Avoid legal issues, get your payroll tax right.

On this page

  • Register for PAYG withholding
  • Use tax file declaration form
  • Find out what other taxes might impact you

Basic income tax requirements

If you have employees you generally withhold money from the payments you make to them, which is called Pay As You Go withholding (PAYG withholding).

As an employer, you will need to:

  • register for PAYG withholding with the Tax Office
  • calculate how much to withhold from payments and report
  • pay the withheld amounts to the Tax Office
  • record the amounts in your quarterly business activity statement (BAS) and annual tax return.

When an employee starts work, you'll also need to give them a tax file declaration form to complete and set up superannuation payments for new employees.

Register for PAYG 

Tax file declaration form

Other taxes that may affect employers

Fringe benefits tax (FBT)

This is a tax paid on certain benefits employers provide to their employees or their employees' associates (typically family members) in place of, or in addition to, salary or wages.

FBT is separate from income tax and is based on the taxable value of the fringe benefit. The term 'benefit' is broadly defined and includes any right, privilege, service or facility. So a benefit could be the use of something like a company car, ownership of something such as discounted electrical goods, or enjoyment of a privilege, for example a salary package arrangement.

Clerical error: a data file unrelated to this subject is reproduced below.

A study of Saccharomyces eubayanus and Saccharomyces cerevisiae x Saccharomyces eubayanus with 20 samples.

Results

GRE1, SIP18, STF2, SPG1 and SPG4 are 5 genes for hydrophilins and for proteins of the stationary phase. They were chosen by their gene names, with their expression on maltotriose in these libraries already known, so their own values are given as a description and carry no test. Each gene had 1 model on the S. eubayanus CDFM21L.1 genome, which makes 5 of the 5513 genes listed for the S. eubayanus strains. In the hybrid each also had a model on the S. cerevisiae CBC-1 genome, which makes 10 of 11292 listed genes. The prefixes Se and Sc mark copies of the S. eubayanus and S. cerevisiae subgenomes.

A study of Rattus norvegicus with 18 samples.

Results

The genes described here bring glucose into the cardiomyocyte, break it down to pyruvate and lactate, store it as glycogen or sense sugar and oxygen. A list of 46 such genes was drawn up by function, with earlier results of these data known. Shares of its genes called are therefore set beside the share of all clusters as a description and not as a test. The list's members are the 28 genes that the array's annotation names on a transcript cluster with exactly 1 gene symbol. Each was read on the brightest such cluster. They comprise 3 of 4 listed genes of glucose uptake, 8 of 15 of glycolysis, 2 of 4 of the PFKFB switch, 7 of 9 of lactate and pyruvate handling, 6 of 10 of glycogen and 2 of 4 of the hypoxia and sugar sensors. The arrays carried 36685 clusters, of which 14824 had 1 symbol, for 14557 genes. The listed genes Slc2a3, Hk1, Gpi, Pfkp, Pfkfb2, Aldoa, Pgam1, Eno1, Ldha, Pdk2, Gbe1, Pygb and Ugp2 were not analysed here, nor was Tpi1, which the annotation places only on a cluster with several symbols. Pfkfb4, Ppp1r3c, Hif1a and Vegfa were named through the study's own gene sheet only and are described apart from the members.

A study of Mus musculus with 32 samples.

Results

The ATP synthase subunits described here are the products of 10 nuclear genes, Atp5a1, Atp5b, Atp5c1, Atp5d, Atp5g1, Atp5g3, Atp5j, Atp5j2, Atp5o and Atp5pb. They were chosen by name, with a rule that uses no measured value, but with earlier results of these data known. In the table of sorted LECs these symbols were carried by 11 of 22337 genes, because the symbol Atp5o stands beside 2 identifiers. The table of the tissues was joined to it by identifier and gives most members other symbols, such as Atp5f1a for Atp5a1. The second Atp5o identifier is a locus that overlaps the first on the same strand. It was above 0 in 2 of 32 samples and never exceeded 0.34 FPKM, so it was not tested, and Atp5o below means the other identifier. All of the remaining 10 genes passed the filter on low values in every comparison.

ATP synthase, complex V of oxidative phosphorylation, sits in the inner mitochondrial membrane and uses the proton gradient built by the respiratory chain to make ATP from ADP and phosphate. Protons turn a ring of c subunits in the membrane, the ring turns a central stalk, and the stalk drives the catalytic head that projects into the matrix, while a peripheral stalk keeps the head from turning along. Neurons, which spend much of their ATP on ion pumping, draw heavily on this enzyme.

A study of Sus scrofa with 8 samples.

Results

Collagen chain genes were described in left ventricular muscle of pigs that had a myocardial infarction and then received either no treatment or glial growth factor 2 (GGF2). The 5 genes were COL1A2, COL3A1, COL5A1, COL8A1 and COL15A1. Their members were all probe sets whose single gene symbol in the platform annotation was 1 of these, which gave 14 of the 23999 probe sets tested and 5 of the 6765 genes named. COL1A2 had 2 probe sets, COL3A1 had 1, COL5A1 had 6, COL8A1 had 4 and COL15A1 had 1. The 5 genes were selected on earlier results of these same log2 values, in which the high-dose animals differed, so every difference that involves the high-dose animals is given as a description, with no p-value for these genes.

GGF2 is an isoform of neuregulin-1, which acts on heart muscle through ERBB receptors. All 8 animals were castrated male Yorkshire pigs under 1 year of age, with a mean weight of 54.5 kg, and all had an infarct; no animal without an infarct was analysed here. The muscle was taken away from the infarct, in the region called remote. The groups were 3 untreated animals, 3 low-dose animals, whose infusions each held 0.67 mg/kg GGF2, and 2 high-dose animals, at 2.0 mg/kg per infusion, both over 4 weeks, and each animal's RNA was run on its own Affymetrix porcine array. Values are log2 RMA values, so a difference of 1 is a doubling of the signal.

Employer's guide to fringe benefits tax

Payroll tax

Payroll tax is a Victorian state tax, currently payable at the rate of 4.85% calculated on wages paid by an employer. The State Revenue Office (SRO) collects and administers payroll tax.

Victorian employers must register for and pay payroll tax if their total Australian wages exceed the Victorian general exemption level of $47,916 a month or $575,000 over the full financial year and/or it is grouped with other businesses and the combined Australian wages of the group exceed the Victorian general exemption level.

The tax-free threshold will increase to $600,000 on July 1 2017, to $625,000 on July 1 2018, and to $650,000 on July 1 2019.

Check the State Revenue Office website for further details.

Ending Employment Tax

Payments paid to an employee on termination of employment are Eligible Termination Payments (ETPs). When someone stops working for you these payments are taxed differently to other kinds of payments.

When terminating someone's employment, ETPs consist of:

  • unused rostered days off (RDOs)
  • payments in lieu of notice (in place of giving an employee earlier notice of their termination)
  • unused sick leave
  • gratuity or 'golden handshake'
  • compensation for loss of job
  • compensation for wrongful dismissal
  • invalidity payments (permanent disability, other than compensation for personal injury)
  • bona fide redundancy and approved early retirement scheme payments over the tax free amount
  • certain payments after the death of an employee.